The Corner

Between Europe and America

The Economist just posted a fascinating interview with David Cameron, the Tory leader. In it, Cameron, the frontrunner to win the keys to Downing Street this spring, gives his take on the Anglo-American relationship:

The Economist: The old alliance with America – what do you make of the notion that it’s over?

David Cameron: I just don’t buy that. I think that, you know, one can get into sort of definitional problems. Is there a special relationship? Yes. Is it real, tangible – does it mean something? Yes. I think sometimes people, you know, you have to remember though we are the junior partner in that relationship and I think part of getting the relationship right is understanding how best to play the role of the junior partner. And I think there are times when leaders have done it very well and times when leaders haven’t done it so well. But does it still mean something? Yes, it does.

And I think you can see it in Afghanistan very clearly. I think, you know, on any number of issues you see Britain and America working very closely together, closer than with other allies, so I think it does still exist. I mean we don’t overstate it and don’t ever think that it’s a sort of equal partnership because it isn’t.

Unsatisfied with Cameron’s broad answer, the Economist editors pressed again:

The Economist: Just to back up a little bit to the special relationship, did you experience any kind of disappointment or discomfort over the position that the Obama administration and Hillary Clinton took over the Falklands recently where they wanted us to negotiate with Argentina over the –

David Cameron: I thought it was disappointing, yes, but sometimes allies will not always agree. But I would want to make the point very strongly to them that if you believe in self-determination as a key part of the UN charter, then there’s the strongest possible case that the Falkland Islands should maintain under the sovereignty of Britain, because that is what the people who live there want. That’s what we went to war over.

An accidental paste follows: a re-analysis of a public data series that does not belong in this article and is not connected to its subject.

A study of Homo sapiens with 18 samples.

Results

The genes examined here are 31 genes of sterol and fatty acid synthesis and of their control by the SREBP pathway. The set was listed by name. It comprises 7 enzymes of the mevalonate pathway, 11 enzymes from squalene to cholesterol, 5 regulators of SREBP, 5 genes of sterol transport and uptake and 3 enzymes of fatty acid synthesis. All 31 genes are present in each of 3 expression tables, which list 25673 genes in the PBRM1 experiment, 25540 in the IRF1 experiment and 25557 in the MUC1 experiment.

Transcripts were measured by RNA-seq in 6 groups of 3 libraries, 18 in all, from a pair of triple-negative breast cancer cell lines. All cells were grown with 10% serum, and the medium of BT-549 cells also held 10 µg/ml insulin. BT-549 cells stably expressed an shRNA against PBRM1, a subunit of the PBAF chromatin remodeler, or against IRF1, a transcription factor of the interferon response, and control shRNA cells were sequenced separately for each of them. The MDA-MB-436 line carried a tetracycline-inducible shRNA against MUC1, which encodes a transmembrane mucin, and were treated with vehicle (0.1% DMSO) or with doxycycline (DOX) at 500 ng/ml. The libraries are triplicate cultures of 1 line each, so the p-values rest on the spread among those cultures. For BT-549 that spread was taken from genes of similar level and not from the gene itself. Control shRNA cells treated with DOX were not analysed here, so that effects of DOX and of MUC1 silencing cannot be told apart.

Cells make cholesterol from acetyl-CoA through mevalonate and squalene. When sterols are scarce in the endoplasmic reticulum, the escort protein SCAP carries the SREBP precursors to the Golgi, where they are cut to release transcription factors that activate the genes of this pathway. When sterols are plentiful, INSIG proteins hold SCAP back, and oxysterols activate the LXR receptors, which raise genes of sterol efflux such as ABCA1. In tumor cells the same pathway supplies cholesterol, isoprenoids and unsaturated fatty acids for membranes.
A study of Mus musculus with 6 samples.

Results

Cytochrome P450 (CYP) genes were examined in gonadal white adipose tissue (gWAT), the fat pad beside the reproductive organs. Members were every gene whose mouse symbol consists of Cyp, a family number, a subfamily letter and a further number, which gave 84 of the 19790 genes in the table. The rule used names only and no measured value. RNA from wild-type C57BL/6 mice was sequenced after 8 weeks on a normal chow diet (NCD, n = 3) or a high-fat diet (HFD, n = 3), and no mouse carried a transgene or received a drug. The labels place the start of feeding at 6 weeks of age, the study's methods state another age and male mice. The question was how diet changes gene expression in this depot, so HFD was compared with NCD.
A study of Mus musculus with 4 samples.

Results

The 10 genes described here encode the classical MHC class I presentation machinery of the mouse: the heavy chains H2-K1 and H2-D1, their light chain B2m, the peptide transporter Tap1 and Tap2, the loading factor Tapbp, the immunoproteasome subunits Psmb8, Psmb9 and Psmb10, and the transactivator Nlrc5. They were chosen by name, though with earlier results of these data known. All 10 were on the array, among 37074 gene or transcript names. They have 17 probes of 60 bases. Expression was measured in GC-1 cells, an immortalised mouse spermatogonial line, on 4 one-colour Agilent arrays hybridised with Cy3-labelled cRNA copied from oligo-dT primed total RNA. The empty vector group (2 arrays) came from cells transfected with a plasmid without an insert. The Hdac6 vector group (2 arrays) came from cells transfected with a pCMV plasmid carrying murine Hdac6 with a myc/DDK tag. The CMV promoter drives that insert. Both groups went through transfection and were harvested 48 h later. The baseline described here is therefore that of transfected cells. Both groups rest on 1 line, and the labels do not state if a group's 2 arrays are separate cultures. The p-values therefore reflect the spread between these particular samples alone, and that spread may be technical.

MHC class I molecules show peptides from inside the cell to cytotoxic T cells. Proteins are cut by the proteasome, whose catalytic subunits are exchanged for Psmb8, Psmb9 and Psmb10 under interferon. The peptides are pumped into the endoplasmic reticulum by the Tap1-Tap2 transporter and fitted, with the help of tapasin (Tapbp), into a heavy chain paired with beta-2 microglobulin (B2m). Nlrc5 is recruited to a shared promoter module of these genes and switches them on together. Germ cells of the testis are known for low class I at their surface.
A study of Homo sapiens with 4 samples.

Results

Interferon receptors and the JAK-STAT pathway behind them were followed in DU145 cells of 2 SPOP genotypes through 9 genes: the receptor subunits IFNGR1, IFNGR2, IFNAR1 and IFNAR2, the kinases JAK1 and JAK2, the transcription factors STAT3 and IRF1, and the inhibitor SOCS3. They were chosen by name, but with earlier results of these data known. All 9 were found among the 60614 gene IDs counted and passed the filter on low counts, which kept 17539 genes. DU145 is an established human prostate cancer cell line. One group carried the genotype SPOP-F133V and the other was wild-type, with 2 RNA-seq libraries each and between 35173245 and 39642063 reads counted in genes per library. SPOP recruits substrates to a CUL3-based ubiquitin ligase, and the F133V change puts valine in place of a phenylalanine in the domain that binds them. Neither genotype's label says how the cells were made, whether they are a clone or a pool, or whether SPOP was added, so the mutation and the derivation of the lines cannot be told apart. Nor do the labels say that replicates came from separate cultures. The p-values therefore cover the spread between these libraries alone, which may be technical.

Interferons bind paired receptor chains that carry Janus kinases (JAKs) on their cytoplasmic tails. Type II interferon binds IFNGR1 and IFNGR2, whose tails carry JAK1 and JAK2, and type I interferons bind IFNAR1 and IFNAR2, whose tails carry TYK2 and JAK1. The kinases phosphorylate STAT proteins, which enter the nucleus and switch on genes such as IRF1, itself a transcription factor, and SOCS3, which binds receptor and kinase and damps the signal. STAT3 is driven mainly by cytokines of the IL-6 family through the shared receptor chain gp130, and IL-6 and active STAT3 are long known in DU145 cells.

In 1982, I was only three and a half – well, actually, I was 15, but I always thought it was just absolutely clear that there was just no justification for what Argentina was saying or doing and no justification to support it, because the population of the Falkland Islands want to be British. So I think it was disappointing, frankly, but I’ve always said the special relationship should be a frank and a candid one and I think you should frankly and candidly say we’re disappointed.

The Economist: There was a lot of fuss when Obama became President about how he has this grudge against the British because of our –

David Cameron: I don’t agree. I don’t believe it.

The Economist: You don’t believe it?

David Cameron: I think he bore a grudge because British Airways lost his luggage when he first went to Afghanistan.

The Economist: But it seemed to be with no justification that he removed the bust of Churchill from the Oval Office. That all seemed to me to be a bit overdone, but one does look at this, as you say, key part of our national interest and we are the second-biggest contributor to the forces in Afghanistan, as we were in Iraq and one does wonder if over this black and white issue, as you see it, they take a different view, actually what is this relationship worth?

David Cameron: Well, go back to the Falklands War and you can remember how much it was worth, because the Americans gave us a huge amount of help in terms of military and logistics and all the rest of it. So at the key moments I would always say that the relationship has proven to us. It did during the great Atlantic alliance; it has over NATO; it did over the Cold War; it did over the Falklands. Have there been ups and downs? Yes. Grenada, Charles Powell tells me the story that Reagan was holding the phone out here because Thatcher was shouting so much. The relationship will have its ups and downs. Clearly, America has a very strong interest in maintaining very friendly and strong relations with all the countries in South America and so there’s a clash, there’s a grinding of wheels there, but we just need to be clear to our best and oldest friend how strongly we feel about this.